Home office website banner

Inspiration

A Venetian Christmas Eve

A Venetian Christmas Eve

Venice is romantic at the best of times, but imagine a Venice free of tourists, mist rising silently from the canals, a cold, dry wind blowing across the piazzas, lights twinkling in the 18th-century cafes and locals rushing to buy last minute sweet delicacies for the festive table, and you’ll have a sense of Venice on Christmas Eve.

Food writer Skye McAlpine has lived between the City of Bridges and London since she was six and, for her, Christmas in Venice is a must. “It’s usually a quiet time of year as it’s not an obvious festive destination for tourists,” she explains from her London home as she makes plans for her family to return to their Venetian bolthole to spend the holidays with their nearest and dearest. “But this year will be particularly special.”

Celebrations start later in Italy, compared to the UK. “The 8th of December is the traditional start of the Christmas period as it marks the Feast of the Immaculate Conception,” explains Skye, who this year published the acclaimed ‘A Table for Friends’ cookbook and whose previous books include ‘A Table in Venice: Recipes From My Home’. “The decorations don’t go up until then and you can officially start eating panettone. And my family is obsessed with panettone!”

Decorations in the city are predominantly classic – lots of greenery and fairy lights, while doll’s house-like nativity scenes are laid out in most family homes. “My mother does one every year,” says Skye. “Over time, she’s amassed an incredible collection of antique figurines and the scene has become quite involved. She hangs the angels on fishing wire hovering over the tableau. But there’s a strict ‘no touch’ policy – when I was a child, there had to be a second scene of plastic figurines for me!”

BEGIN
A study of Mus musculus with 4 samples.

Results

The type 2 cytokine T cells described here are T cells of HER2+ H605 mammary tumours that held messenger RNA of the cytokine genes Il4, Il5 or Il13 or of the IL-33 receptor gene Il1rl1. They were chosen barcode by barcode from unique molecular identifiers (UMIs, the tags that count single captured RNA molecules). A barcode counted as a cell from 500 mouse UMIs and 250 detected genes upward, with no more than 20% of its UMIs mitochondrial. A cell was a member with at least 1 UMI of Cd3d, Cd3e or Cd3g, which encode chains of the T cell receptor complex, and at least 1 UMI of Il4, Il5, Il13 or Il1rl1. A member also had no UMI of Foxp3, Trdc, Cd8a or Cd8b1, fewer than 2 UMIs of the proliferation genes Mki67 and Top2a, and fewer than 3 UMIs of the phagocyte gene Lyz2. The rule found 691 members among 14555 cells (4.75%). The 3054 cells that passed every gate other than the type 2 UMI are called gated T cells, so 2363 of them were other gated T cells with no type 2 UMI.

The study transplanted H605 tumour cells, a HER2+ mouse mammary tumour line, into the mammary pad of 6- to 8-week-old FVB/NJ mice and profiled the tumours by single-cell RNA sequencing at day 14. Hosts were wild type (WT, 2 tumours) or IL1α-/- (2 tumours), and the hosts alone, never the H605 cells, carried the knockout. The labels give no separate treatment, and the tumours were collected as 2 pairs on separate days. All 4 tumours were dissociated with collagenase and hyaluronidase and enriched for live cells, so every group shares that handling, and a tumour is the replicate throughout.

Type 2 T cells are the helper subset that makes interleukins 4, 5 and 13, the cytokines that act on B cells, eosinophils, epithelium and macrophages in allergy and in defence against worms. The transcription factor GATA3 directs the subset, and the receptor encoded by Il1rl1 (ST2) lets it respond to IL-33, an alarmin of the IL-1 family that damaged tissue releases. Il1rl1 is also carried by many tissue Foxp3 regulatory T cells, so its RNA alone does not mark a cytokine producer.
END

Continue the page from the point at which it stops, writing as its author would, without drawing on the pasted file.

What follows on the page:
Christmas Eve morning is a bustle of shopping at the food markets for the freshest fish and queues at the bakeries for delicately-spiced pastries. “I love to take a water bus in the late afternoon when you can look inside the lit windows of the palazzos on the waterways and see families preparing for the festivities,” says Skye.

The evening meal is a big occasion for family and friends – a celebration dinner followed by midnight mass for all the generations (“we’ll pop my youngest in his pushchair and hope he sleeps”). It’s also an excuse to dress up, though thick coats and snug boots are essential over glamorous outfits: “You walk everywhere in Venice and the cold gets into your bones.” Skye’s family spend the evening with old family friends and the meal is an extravaganza of courses, such as truffles in a pasta or a risotto dish, seafood maybe served with more pasta, and then a fish main course. The finale is always the classic Italian Christmas dessert, panettone.

“It looks so festive dusted in icing sugar with frosted berries around the base – like a snowy mountain,” adds Skye, who relishes the cake’s many different guises and admits to ‘testing out’ five or six each December. “Although it’s usually served after a meal, paired with ice cream or a warm custard, because it’s basically a brioche bread, you can eat it at any time,” she explains. “We’ll have a plain one, fresh from an artisan bakery for breakfast, then maybe toasted for lunch. We’ll cover one in chocolate and decorate it, then another layered in fondant icing. For afternoon tea, we might have one with marron glacé.”

She adds with a smile, “And it’s always delicious dipped in hot chocolate.”

You’ll find the recipe for Skye’s ‘Pistachio Panettone Cake’ from ‘A Table For Friends, The Art of Cooking for Two or Twenty’, here.